Twenty minutes into the 2016 IIHF World Championships’ Thursday quarterfinal slate, Russia found itself in a bind.
Despite outshooting their German opponents 13-6–and otherwise controlling the flow of play–they found themselves trailing by one heading into the first intermission.
Patrick Reimer’s unassisted tally gave the Germans hope. It also sparked the home team to life.
Propelled by the tandem of Vadim Shipachyov and Evgeni Dadonov, Russia erupted in the second period, posting three goals en route to a 4-1 decision.
Two of the tournament’s top-scoring forwards, Shipachyov and Dadonov catalyzed the Russian attack–along with linemate Artemi Panarin, the trio has combined to score 15 of Russia’s 36 total goals scored.
Thursday’s tilt told a similar tale: A mere 40 seconds into the frame, Dadonov latched onto a bouncing puck in front of German netminder Thomas Greiss, who made the initial leg save. Pouncing on his own rebound, the SKA St. Petersburg skater took advantage of the netminder’s aggression, baiting him out of his crease before sliding the puck over to club teammate Shipachyov. Staring into a yawning cage, the competition’s leading scorer didn’t miss his mark, snapping in his fifth of the tournament and knotting things up at one.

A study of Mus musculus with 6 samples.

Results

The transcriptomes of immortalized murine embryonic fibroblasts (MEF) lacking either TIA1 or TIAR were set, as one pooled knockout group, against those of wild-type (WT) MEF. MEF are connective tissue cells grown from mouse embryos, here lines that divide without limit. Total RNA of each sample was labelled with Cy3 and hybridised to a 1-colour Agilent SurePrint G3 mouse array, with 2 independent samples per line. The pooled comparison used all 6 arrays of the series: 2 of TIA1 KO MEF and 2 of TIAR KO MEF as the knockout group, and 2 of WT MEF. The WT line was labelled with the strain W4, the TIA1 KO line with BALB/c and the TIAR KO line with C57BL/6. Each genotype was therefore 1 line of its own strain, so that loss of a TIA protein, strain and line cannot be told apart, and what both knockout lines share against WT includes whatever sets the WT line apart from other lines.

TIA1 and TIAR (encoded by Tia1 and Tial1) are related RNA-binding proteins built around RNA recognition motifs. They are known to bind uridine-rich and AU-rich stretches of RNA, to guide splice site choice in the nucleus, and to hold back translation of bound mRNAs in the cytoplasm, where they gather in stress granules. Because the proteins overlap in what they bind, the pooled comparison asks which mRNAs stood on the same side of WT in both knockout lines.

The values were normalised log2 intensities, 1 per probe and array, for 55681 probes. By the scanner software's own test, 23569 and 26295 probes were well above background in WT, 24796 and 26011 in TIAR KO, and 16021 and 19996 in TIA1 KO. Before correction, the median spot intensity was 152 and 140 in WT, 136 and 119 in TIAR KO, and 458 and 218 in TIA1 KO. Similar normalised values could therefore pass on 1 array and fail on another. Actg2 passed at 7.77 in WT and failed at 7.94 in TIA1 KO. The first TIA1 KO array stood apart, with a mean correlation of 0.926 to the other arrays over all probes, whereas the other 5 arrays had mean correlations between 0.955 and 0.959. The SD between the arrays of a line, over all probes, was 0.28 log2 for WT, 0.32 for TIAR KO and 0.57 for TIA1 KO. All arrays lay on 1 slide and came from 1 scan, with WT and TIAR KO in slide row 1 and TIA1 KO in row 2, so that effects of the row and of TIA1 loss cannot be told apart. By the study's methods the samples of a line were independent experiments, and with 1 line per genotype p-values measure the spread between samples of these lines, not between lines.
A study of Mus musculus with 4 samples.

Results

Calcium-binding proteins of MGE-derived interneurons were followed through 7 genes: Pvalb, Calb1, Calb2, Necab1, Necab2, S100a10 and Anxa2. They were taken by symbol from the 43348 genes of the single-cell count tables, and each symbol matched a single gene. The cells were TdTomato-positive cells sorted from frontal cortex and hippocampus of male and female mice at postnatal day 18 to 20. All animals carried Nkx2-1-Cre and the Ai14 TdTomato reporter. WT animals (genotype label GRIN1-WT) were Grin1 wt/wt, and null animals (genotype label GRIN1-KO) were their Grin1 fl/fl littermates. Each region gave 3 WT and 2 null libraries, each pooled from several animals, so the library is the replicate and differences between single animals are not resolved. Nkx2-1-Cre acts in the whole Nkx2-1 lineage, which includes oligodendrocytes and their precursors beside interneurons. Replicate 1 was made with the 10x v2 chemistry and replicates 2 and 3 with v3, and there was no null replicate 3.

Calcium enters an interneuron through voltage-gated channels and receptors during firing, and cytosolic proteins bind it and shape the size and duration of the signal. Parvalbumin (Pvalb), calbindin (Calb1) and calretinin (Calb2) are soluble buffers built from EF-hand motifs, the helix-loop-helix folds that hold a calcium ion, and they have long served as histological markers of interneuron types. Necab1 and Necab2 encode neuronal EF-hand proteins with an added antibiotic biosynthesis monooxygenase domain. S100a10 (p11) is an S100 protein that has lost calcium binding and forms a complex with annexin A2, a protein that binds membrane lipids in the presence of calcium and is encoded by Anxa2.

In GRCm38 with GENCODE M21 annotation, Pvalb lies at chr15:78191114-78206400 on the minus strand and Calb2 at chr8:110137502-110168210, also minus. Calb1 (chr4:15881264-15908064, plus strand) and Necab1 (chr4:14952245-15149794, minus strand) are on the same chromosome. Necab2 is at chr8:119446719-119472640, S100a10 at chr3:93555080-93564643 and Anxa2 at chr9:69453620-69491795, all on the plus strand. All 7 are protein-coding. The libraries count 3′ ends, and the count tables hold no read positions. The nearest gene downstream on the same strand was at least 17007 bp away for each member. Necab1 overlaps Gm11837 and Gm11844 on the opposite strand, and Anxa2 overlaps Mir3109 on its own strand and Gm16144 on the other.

Minutes later, Dadonov and Shipachyov would connect once more. Cutting a swath into the slot, Dadonov redirected Shipachyov’s centering feed on net, celebrating as his effort weasled its way past the New York Islanders’ goaltender.
Shipachyov would conclude the second-period Russian onslaught with a personal brace, converting a two-on-one opportunity. Ivan Telegin drew the assist on the pitch-and-catch passing play.
In total, Russia peppered Greiss with 16 shots in the frame. And, while things rapidly got out-of-hand for the Germans, their goaltender was the only thing preventing the contest from turning into a full-on rout.
With a two-goal lead safely in tow, the Russians swapped to a more defensive strategy, halving their shot total from the previous period. It paid off–the defensive corps contained the Germans, only allowing five shots against the solid Sergei Bobrovsky.
However, Russia would tack on an extra goal for good measure. Washington Capitals’ teammates Alexander Ovechkin and Evgeny Kuznetsov came together to post Ovi’s first goal in four games. CSKA Moscow winger Roman Lyubimov recorded the secondary assist.
Bagging the win, Russia secured its passage to the semifinal round. Awaiting the team is its stiffest opponent to date–Finland.
Fresh off of a 5-1 demolition of Denmark, the plucky Finns went undefeated in group play, winning all seven games they played by a combined margin of 29-6. 6’7″ goaltender Mikko Koskinen backstops the tournament’s premier defensive unit in terms of goals against, while forwards Patrik Laine, Mikael Granlund and Aleksander Barkov spearhead an attack that ranks second and third in scoring efficiency and power play percentage, respectively.
Russia’s tournament hopes will be put to the test on Saturday, May 21, at the Moscow Ice Palace.